Tuesday, Lowell told us about a Peter Beinart piece in which Beinart contended that liberals have a bigger anti-Mormon problem than conservatives. Paul Waldman at The American Prospect tries to disagree. It may be the lamest refutation of a sophisticated argument I have ever read. Waldman offers no evidence, only perception and besides, Beinart has polling data:
Voters with high levels of religiosity favor Mitt Romney, while voters who are moderately religious or nonreligious favor President Barack Obama, according to a new Gallup poll.
Fifty-four percent of registered voters categorized as “very religious” said they are currently supporting Romney, while 37 percent said they would vote for Obama, in the presidential race. Among the “moderately religious,” 54 percent support Obama and 40 percent support Romney. Among the “nonreligious” Obama’s support is even greater, 61 percent, while Romney gets only 30 percent.
Let’s face it, the left hates religion, they do not distinguish between Mormons and Evangelicals and Catholics and Orthodox. They view us all the same. If fact they hold us in such contempt that they don’t bother with facts. Last week Eric Alterman and Hugh Hewitt debated at the Pomona Student Union. Here’s the video – the action starts at 34 minutes. Alterman asserts that the LDS church did not allow blacks until 1978. Hewitt jumps straight to the heart of the matter and attacks the bigotry inherent in making the assertion essentially out of the blue. It is a masterful argument against bigotry.
Alterman was also wrong on his facts. African-Americans were allowed in the LDS church virtually long before 1978, but they were not allowed to hold office in the church until then. That is not a minor distinction. I have argued here before that making sure the world knows LDS doctrine correctly is fruitless in the political realm. But facts of history are a different story. It is a sure sign of bigotry that Alterman cannot be bothered to get his facts straight. Watch the video, it is important both in Hewitt’s response and illustrative of the bigotry we do face.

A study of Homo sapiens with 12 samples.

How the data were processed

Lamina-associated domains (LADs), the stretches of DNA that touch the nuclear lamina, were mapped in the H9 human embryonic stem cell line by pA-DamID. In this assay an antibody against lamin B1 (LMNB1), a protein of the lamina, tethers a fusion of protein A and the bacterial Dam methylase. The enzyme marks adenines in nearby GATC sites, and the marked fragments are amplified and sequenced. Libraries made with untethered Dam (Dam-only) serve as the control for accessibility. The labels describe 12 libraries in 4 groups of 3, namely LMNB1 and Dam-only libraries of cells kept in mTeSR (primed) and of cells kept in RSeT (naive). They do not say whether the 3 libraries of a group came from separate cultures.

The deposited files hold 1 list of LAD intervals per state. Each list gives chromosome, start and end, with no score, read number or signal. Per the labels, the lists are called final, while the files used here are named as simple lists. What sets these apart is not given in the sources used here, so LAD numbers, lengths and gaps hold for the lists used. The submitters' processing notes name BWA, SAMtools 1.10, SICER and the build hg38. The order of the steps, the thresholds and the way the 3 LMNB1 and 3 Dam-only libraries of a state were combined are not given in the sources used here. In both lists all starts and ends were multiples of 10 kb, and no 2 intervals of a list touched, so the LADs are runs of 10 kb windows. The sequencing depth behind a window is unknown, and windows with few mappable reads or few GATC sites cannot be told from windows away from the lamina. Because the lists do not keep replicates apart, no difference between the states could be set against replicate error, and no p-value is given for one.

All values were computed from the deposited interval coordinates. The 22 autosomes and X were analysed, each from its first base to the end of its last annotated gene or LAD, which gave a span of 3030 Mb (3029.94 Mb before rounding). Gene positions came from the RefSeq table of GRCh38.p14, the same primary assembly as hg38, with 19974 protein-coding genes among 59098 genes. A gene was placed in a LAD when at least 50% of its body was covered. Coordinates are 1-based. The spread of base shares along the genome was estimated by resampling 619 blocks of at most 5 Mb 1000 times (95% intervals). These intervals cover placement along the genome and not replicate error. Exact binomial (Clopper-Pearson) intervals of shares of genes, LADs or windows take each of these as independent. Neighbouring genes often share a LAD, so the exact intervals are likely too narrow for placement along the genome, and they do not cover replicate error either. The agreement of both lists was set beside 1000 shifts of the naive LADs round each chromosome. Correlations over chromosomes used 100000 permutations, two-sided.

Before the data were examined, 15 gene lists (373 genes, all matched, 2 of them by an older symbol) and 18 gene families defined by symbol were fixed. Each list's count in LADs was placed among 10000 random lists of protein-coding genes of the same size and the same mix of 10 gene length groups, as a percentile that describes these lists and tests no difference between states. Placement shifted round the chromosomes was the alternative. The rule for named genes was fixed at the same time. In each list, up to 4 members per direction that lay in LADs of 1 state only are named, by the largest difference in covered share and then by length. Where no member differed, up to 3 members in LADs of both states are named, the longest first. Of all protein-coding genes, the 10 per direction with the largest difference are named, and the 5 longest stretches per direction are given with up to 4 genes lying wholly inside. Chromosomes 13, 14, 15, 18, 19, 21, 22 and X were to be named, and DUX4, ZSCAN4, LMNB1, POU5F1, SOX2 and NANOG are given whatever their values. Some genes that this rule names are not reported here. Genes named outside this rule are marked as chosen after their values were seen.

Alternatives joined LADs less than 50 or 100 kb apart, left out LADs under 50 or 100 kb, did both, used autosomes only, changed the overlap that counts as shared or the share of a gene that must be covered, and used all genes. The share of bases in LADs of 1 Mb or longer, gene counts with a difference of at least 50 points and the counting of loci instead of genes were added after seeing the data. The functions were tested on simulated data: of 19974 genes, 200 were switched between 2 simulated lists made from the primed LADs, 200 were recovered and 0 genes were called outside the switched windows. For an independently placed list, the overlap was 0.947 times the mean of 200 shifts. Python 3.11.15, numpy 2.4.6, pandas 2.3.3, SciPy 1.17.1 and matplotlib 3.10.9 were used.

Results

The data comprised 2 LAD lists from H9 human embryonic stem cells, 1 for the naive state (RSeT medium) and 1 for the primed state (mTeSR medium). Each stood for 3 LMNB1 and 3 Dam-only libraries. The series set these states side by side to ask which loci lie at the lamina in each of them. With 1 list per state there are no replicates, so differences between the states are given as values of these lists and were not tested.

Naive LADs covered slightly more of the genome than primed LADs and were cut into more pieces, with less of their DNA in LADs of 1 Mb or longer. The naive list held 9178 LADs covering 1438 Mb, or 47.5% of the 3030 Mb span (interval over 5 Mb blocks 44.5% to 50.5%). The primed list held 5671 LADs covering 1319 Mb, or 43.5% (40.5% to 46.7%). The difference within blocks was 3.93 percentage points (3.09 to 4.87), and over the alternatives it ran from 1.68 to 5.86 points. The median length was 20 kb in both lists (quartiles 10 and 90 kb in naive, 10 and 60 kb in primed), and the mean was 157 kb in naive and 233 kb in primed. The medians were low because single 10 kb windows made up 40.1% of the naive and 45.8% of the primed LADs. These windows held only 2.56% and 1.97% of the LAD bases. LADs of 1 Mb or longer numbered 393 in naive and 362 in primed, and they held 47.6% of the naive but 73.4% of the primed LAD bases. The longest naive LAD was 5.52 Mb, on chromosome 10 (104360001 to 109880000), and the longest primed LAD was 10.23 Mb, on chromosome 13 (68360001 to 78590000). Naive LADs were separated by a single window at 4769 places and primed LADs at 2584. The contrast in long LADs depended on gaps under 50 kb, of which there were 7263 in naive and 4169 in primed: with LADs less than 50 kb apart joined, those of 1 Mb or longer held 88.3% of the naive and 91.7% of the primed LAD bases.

Of course some still want to fight the “Are Mormons Christians?” battle. Megachurch maven Joel Osteen’s recent repeat of his declaration that they are has traveled like wild fire across the internets. Theologians of course should be worried about these things, but when it comes to voting those that are concerned about it strikes me like Pat Buchanan declaring that “nominal” Christians are the issue. It is simply unbecoming in a political setting – heck it is unbecoming in any setting other than in private between friends – to declare about the status of anyone’s faith. At least Buchanan is not as crazy as this guy. (Come on, I HAD to link to that – it’s funny.)
Ringing The Mormon Bell
Larry Elder says, “Careful!” Elder’s argument is that such puts Jeremiah Wright back into play, and that is an argument Obama loses. Agreed on that level, but the nation loses if we make religious affiliation and background a regular part of our presidential vetting. Elder recognizes and wishes to rightly combat the very negative influence that Wright is in the African -American community. However, doing so in this context, even though it calls attention to an important issue, worsens the nation generally. Simply put, not all issues, even important ones, are presidential issues.
Pay Attention to ME!
Only Newt Gingrich would pre-announce that he is going to announce the suspension of his campaign. One is tempted to declare Gingrich the ultimate vanity candidate; however, on the heels of his pre-announcement, former candidate and Gingrich endorser Rick Perry endorsed Mitt Romney. That’s just a pathetic plea for attention. Does Perry honestly think that having endorsed an opponent when he withdrew from the race, and then acting this fickle publicly Romney can ever trust him deeply? Should Perry get behind Romney? Of course, but he should do so quietly, this is just a blatant plea for attention.
In Mike Allen and Evan Thomas’ ebook, “Inside The Circus,” on the primary campaign just concluding, they contend that Perry was talked into running by consultants. They make a similar claim about Jon Huntsman. There is a real problem when people run for president so consultants can have work.
Worse yet are the forces consultants play upon to make such things happen. Rick Perry was positioned as the anti-Romney and there was a strong anti-Mormon bias implicit in the positioning. That bias is wrong, but somehow understandable when it is based in the faith of those that hold it. But when it is promoted simply so consultants can make a buck it moves from wrong to truly evil.